Im 24 years old and Ive always had a regular menstrual cycle, but on April 2012, for some reason I did not get my period.So on May I decided to see a gynecologist, my doctor prescribed "Privera" (im not sure if thats what its called) so every 3 months if I dont get my period on my own I would contact my doctor and he prescribe Privera and I get my period within 10 days. But on Dec 23 I got my period without taking the Privera, with that saying, my last period with taking Privera was September 25-29. So of course I was very happy to get my period on my own, but unfortunately, it only lasted 2 days. Those 2 days were so painful, including vomiting, bowel movements, lost of appetite, nausea, dizzy/headache and just plain tired. Also, my "period" had some sort of debry/blood tissue,which was very weird. Im still feeling pain on my pelvic area, but not as bad. Please advice..
Dear ourstory: Can we take each part of your story in order? If the pregnancy test is negative then the next most common cause of a missed/late period(s) is not having ovulated that cycle. In a normal cycle, estrogen is produced all month. Estrogen is responsible for building up the lining of your uterus so you have something to shed each month.
In a normal cycle, progesterone production increases following ovulation. Progesterone "stabilizes" the uterine lining in preparation for a possible implantation of a new pregnancy. If you are not pregnant that month the levels of estrogen and progesterone fall, triggering the release of the uterine lining—your period. So, if you do not ovulate, the estrogen build up of the lining continues, but without the usual ovulation associated progesterone. Thus, the hormone levels don't decline, and the lining stays up inside the uterus—your missed/late periods.
If you have been several months without a period, a gynecologist may give you some progesterone in a pill form (eg Provera 10 mg for 5 days). Within 48-72 hours after stopping the progesterone your "progesterone blood level" will fall, triggering the release of the lining that has been building up. Many women report that these periods are very heavy-- as though several months of lining are shed.
There can be MANY causes for not ovulating: low thyroid, pituitary problems, ovarian cysts, physical stressors (eg sudden increases in exercise, crash dieting), emotional stressors (problems with boyfriends/girlfriends, exams), increased body weight, anorexia, rotating shifts at work, etc.
Most recently you had a flow "on your own" but it was too short and had lots of unpleasant symptoms. Sometimes the built up lining can begin to shed on its own creating erratic bleeding patterns which are usually "too-light" or super heavy and prolonged. A too light flow can arise when just the top layer of lining is shed--not all the way down to the base layer. My best GUESS is that is what transpired for you.
In terms of the symptoms, menstrual cramps are caused by the release of prostaglandins from the lining of the uterus. Prostaglandins create both the cramps of labor and menstrual cramps by making the uterus contract. Common cramps may start prior to the onset of flow and usually last 72 hours. There are also receptor sites for prostaglandins in the bowel and central nervous system. Thus prostaglandins can produce not just cramps but also nausea/vomiting, diarrhea, headaches, and other "flu-like" symptoms. Ways to block prostaglandins can include birth control pills, or anti-prostaglandin drugs (eg ibuprofen, naproxen sodium, ketoprofen, etc.).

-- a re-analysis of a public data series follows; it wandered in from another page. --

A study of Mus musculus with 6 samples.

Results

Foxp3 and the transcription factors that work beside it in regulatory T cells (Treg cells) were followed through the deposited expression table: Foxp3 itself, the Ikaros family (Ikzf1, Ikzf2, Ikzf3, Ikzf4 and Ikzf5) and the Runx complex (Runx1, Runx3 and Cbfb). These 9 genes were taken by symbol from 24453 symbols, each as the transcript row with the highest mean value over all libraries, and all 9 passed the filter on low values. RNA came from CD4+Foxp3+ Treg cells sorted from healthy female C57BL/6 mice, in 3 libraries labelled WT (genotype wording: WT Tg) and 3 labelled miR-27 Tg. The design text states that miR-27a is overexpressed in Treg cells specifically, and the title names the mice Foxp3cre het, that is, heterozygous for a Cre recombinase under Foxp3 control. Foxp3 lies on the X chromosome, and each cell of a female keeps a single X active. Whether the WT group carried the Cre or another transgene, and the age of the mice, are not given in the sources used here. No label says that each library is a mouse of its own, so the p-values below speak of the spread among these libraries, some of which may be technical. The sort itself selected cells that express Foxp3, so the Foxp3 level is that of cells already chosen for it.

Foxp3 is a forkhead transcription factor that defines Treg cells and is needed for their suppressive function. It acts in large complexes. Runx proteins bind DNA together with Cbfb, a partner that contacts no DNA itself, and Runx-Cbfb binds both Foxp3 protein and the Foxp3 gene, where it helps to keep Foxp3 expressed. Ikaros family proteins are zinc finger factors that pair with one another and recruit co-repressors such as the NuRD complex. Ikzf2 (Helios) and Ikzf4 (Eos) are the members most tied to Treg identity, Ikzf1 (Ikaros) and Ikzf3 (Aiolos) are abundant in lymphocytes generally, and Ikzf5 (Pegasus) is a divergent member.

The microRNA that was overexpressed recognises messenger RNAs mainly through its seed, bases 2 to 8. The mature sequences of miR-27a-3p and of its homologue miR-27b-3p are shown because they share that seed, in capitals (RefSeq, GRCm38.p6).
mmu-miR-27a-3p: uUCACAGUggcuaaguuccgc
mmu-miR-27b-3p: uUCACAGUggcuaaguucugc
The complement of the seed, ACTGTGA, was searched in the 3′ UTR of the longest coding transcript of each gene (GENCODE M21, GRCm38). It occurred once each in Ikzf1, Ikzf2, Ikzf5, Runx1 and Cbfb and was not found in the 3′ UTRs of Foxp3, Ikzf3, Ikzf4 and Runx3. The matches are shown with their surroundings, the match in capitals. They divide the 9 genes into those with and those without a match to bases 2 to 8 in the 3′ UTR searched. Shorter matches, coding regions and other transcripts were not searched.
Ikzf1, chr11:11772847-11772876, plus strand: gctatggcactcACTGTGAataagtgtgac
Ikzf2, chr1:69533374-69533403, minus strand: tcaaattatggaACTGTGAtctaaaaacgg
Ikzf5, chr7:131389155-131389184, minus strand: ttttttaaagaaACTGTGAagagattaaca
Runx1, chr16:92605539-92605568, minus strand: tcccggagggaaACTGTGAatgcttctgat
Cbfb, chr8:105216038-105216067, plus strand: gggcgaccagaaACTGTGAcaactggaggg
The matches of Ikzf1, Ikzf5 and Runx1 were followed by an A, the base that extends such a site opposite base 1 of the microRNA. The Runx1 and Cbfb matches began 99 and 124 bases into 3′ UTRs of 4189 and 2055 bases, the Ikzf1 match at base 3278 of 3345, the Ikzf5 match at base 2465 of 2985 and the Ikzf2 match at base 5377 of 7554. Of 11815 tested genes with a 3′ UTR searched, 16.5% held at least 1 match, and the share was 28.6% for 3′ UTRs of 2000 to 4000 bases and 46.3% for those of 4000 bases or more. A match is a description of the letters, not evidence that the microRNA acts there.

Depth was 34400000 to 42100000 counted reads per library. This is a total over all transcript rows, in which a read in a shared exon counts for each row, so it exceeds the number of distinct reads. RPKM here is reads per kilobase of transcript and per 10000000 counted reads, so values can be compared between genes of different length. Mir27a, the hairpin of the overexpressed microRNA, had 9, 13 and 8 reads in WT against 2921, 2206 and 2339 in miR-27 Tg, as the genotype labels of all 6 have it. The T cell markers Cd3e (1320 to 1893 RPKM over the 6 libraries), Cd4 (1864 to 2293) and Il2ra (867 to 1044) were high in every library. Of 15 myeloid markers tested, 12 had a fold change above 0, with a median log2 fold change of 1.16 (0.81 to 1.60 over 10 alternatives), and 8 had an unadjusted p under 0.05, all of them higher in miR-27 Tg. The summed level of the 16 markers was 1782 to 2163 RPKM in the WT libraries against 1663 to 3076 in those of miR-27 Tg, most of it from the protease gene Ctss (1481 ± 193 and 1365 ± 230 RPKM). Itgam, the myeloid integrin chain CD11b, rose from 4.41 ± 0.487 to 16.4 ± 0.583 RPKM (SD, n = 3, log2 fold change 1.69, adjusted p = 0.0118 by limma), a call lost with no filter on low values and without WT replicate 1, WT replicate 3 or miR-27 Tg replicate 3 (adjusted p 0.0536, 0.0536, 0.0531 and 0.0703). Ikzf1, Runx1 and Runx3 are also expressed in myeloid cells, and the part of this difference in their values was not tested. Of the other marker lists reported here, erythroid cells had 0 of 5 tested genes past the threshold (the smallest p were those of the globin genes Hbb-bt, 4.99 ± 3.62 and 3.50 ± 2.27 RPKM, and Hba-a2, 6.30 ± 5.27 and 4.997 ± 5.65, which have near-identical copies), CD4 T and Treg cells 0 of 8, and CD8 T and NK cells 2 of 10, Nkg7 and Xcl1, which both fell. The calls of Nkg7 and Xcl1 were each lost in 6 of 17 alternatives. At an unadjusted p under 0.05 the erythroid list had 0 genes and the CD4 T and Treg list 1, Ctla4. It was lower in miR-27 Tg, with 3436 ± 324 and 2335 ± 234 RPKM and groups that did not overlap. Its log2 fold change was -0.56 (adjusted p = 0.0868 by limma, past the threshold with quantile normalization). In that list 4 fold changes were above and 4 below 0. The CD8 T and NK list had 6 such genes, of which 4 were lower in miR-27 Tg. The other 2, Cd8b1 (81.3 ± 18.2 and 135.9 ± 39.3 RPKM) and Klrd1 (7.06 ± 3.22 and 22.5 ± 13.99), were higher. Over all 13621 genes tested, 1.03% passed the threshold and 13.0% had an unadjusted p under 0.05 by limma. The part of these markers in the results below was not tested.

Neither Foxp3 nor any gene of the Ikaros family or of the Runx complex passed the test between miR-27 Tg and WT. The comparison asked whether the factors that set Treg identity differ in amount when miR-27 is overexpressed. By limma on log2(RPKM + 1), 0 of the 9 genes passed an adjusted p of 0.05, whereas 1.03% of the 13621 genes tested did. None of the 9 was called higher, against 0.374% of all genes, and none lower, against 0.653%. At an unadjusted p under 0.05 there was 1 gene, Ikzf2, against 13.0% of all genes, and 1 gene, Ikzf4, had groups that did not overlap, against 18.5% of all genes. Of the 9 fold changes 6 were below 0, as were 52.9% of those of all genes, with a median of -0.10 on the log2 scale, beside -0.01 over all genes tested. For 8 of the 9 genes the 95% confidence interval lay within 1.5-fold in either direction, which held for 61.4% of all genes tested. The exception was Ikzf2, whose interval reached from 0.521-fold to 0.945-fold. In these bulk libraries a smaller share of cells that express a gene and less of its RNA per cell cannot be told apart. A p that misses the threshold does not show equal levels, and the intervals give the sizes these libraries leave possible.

Given that you are still having pelvic pain I would urge you to see your GYN. You MIGHT have a large ovarian cyst which is causing the pain. Then your GYN can decide if you should wait to see if another flow arrives--or if you should take the progesterone rather than waiting.
You are encouraged to report negative side effects of prescription drugs to the FDA. Visit the FDA MedWatch website or call 1-800-FDA-1088.
The opinions expressed in WebMD Communities are solely those of the User, who may or may not have medical or scientific training. These opinions do not represent the opinions of WebMD. Communities are not reviewed by a WebMD physician or any member of the WebMD editorial staff for accuracy, balance, objectivity, or any other reason except for compliance with our Terms and Conditions. Some of these opinions may contain information about treatments or uses of drug products that have not been approved by the U.S. Food and Drug Administration. WebMD does not endorse any specific product, service or treatment.
Do not consider Communities as medical advice. Never delay or disregard seeking professional medical advice from your doctor or other qualified healthcare provider because of something you have read on WebMD. You should always speak with your doctor before you start, stop, or change any prescribed part of your care plan or treatment. WebMD understands that reading individual, real-life experiences can be a helpful resource, but it is never a substitute for professional medical advice, diagnosis, or treatment from a qualified health care provider. If you think you may have a medical emergency, call your doctor or dial 911 immediately.